Snow Business Means Big Business

Updated: 12/10/2012 7:04 PM KSTP.com By: Kaitlin Stevens

After enduring last year's snowless winter, skiers and snowmobilers may have despaired of ever seeing a decent snowfall again.

But fans of the wintry outdoors got their wish this weekend when a slow-moving storm dumped up to 16 inches of snow on parts of the Upper Midwest.

This weekend's snow storm also means a big pay day for some Minnesota businesses. The flakes start flying and the money follows.

At Tousley Motorsports in White Bear Lake they did triple the amount of regular business on Saturday, and decided to open unscheduled, spontaneously on Sunday.

At Explore Minnesota, they say all it takes is a little snow in the metro for tourists to start making inquiries and reservations at resorts up North.  Last year due to the brown, dry winter, occupancy levels were down about 2% at accommodations in the northern part of the state.

Winter travel makes up 24% of Minnesota's tourism business.

The Twin Cities saw only meager bursts of snow this season before the weekend storm, and the Twin Cities' heaviest snowfall last winter was 4.2 inches on Dec. 3.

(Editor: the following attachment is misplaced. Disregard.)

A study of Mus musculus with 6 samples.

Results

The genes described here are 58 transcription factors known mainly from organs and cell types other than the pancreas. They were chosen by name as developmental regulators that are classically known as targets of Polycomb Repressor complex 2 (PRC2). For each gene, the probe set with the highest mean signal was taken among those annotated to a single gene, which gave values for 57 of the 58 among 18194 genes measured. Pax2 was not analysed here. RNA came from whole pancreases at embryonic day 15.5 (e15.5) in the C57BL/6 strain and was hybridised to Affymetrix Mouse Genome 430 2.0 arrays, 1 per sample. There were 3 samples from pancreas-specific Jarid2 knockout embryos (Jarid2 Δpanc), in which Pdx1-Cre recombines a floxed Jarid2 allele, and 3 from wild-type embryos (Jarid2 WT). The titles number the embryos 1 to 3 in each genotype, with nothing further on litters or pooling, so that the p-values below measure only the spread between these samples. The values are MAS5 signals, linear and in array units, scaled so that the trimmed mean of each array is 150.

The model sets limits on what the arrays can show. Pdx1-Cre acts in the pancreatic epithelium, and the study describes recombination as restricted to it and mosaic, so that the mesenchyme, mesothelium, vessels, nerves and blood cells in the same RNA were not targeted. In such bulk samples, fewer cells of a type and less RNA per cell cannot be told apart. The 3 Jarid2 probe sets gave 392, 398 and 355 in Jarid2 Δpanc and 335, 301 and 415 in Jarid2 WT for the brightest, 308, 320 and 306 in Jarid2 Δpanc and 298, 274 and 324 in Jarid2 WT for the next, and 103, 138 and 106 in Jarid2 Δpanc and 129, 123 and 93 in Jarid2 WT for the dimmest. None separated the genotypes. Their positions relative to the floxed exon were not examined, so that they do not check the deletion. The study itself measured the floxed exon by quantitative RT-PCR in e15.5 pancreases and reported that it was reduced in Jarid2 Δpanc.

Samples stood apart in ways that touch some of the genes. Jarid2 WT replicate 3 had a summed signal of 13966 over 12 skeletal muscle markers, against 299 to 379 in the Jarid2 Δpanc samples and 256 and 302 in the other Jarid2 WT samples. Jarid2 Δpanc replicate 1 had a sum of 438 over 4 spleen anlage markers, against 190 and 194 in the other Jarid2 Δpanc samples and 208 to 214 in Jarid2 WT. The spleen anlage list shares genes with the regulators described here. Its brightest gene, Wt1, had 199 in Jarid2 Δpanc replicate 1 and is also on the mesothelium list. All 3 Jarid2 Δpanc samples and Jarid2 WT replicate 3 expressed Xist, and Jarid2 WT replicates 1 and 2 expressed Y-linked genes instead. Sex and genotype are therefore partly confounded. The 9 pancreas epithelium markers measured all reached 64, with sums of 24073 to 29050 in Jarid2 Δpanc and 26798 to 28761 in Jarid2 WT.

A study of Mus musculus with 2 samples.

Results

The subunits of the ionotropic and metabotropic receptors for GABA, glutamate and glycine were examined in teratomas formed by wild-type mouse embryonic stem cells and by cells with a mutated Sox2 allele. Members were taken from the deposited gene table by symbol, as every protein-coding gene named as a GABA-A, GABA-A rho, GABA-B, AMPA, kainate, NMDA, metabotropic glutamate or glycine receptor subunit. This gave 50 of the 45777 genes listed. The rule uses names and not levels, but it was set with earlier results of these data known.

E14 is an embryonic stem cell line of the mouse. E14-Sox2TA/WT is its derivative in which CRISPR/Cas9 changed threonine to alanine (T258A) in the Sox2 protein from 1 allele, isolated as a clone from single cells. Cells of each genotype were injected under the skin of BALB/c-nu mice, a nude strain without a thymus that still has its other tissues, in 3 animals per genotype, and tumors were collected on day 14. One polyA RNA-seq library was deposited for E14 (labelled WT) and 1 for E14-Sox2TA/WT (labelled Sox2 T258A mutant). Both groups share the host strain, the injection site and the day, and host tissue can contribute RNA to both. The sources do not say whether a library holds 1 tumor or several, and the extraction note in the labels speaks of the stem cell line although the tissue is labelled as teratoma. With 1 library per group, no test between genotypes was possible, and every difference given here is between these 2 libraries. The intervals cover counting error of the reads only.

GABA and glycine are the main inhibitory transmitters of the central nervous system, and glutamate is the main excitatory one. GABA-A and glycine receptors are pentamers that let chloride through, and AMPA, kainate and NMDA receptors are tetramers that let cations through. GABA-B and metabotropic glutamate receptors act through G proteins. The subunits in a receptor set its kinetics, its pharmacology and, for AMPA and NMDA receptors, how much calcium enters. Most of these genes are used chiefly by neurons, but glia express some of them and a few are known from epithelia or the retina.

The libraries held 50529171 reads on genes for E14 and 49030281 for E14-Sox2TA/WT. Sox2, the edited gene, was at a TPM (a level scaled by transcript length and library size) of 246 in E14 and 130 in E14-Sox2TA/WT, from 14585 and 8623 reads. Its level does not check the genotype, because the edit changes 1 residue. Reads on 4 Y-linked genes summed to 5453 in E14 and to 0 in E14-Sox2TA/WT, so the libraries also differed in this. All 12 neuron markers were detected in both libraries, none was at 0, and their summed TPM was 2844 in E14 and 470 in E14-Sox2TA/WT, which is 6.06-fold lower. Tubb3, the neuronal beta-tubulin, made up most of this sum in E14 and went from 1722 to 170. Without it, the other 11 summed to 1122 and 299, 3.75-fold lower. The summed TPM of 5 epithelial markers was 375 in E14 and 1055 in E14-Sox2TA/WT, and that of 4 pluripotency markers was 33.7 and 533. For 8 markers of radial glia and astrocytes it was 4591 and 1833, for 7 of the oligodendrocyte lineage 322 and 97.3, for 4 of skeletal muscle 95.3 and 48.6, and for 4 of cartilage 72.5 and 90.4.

But with the fresh blast, "I think people are pretty excited," he said.

At Lutsen Mountains 90 miles northeast of Duluth, Minn., marketing director Jim Vick said you could "hear the hoots and hollers" as skiers took to the slopes amid the falling snow. The ski resort got up to 8 inches Sunday.

Vick said Monday that "folks really felt cheated by last winter because they just didn't get the snow and they are dying for it."

The system dropped 10.6 inches of snow at Minneapolis-St. Paul International Airport and up to 14 inches on parts of the Twin Cities on Sunday, Minneapolis' heaviest snow since 11.8 inches on Feb. 20, 2011.

A blizzard two years ago dumped 16.3 inches and caused the Metrodome roof to collapse. This time around, stadium officials resorted to blasting the heat in an effort to melt snow from the roof as quickly as possible; it stayed intact.

The Associated Press contributed to this report.